France Slams Proposed EU Sea Trade Links Post-Brexit


At the moment, much of the trade of Ireland with the continent goes through the United Kingdom in trucks. However, with less than eight months to go until the United Kingdom withdraws from the European Union, there is still little certainty regarding its future trade relations with the bloc, nor the nature of the border of the Irish Republic with the British province of Northern Ireland.

The new route was placed forward by the Commission. It would connect Ireland by sea with Belgian and Dutch ports including Rotterdam and Zeebrugge. French ports including Dunkirk and Calais, however, would be bypassed.

Elisabeth Borne, the Transport Minister of France, wrote a letter dated August 10 that was addressed to the transport commissioner of the European Union. The letter read: “France and Ireland maintain important trade channels, both overland via Britain and via direct maritime routes. The geographical proximity between Ireland and France creates an obvious connection to the single market.”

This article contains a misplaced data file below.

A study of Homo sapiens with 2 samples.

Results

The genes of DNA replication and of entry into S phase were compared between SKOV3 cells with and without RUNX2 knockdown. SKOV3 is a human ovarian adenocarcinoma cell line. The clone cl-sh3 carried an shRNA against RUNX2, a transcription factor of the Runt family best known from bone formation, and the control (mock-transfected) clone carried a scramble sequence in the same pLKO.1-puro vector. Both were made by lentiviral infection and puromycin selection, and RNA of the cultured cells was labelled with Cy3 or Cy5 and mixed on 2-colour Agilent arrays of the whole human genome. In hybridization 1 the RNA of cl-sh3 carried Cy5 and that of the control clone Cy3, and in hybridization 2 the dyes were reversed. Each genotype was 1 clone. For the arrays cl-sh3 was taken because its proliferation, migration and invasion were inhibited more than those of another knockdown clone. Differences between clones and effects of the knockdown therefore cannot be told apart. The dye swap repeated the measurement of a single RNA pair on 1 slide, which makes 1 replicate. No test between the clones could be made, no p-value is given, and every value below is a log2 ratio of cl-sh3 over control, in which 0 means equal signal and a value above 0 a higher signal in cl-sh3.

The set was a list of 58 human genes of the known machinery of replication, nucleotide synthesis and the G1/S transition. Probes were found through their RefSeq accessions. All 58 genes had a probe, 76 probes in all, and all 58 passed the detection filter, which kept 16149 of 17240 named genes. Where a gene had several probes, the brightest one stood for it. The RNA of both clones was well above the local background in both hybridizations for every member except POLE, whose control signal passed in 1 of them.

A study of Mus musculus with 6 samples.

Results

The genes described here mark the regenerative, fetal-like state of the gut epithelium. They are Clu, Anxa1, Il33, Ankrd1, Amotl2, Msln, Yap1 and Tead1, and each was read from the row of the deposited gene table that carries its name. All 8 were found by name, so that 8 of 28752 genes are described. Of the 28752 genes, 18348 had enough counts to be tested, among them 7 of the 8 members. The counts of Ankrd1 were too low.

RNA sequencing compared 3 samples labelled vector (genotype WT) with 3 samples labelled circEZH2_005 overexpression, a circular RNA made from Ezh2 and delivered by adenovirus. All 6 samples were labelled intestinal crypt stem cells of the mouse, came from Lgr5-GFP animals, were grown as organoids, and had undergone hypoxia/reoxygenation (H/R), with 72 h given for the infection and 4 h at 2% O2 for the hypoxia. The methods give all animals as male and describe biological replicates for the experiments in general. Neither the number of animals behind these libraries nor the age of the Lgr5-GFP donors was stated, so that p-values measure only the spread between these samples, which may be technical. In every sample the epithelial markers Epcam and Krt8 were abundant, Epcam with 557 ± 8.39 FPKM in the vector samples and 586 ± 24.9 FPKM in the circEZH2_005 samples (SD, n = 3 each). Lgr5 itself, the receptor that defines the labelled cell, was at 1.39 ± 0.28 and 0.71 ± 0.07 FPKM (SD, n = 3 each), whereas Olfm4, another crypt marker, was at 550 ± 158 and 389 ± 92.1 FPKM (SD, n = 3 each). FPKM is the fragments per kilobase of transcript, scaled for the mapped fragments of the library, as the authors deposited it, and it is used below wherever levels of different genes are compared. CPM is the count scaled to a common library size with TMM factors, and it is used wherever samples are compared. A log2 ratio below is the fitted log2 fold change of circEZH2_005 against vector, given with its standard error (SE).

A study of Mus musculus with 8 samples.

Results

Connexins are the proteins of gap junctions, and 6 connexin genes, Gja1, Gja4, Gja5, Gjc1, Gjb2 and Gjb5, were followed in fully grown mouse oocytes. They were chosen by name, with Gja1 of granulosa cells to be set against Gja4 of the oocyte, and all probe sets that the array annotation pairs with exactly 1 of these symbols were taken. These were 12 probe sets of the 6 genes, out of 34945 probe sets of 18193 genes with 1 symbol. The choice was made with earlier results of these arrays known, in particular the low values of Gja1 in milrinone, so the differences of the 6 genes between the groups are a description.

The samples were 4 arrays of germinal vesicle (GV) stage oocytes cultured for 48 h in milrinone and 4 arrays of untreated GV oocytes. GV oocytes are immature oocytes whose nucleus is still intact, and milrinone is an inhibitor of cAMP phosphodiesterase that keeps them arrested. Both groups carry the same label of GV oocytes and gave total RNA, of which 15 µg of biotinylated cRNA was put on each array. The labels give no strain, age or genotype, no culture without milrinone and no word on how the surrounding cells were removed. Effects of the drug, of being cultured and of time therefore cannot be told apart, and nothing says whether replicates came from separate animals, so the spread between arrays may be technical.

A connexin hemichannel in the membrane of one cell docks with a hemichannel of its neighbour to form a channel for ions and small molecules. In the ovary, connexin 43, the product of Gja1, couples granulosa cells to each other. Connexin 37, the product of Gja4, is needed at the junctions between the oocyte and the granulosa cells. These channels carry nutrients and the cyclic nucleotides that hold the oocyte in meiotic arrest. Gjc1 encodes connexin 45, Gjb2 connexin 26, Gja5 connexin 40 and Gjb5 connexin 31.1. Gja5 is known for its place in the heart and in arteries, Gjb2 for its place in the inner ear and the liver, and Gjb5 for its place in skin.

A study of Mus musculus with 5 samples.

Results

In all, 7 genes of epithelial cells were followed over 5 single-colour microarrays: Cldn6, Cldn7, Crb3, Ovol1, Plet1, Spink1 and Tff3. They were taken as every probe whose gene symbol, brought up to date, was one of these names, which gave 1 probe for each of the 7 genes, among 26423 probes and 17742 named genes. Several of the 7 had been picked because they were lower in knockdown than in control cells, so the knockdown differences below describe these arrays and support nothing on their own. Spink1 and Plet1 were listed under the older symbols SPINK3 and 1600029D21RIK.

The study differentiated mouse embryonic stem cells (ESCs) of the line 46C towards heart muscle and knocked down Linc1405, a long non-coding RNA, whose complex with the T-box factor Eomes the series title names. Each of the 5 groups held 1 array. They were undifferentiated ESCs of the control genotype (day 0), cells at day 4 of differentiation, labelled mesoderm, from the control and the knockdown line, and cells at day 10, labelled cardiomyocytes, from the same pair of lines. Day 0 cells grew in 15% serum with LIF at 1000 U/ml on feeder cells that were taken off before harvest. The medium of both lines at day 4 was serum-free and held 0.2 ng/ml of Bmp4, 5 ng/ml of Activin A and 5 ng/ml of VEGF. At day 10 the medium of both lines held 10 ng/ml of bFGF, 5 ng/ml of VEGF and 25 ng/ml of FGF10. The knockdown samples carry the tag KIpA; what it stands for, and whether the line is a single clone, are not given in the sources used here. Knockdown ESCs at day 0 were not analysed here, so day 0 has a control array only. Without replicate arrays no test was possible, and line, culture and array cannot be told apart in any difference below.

It added: “Surprisingly, the Commission proposal in no way takes this into account. This proposal, therefore, is not acceptable to France.”

On a Twitter post last Sunday, Borne said that “the maritime connection between Ireland and France is an obvious one.” She added that the plan “must be reviewed.” The ports in France heavily campaigned in favour of being included in the route and claimed that they are geographically closer to Ireland as compared to the Benelux ports.

A spokesperson from the Commission stated: “The Commission proposal is based on the current transport flows.”

He added: “It makes an adjustment to the corridor to ensure continuity of these traffic flows, which mainly go through certain core ports.”

Jobs, millions of dollars’ worth of port revenues and probably the funding of EU infrastructure will be placed at risk once the proposal is pushed through.

Borne stated that French ports had the significant resources to make sure that they could handle the possible increase in trade flows, indicating concerns of congestion in ports such as the busiest passenger port of France, Calais.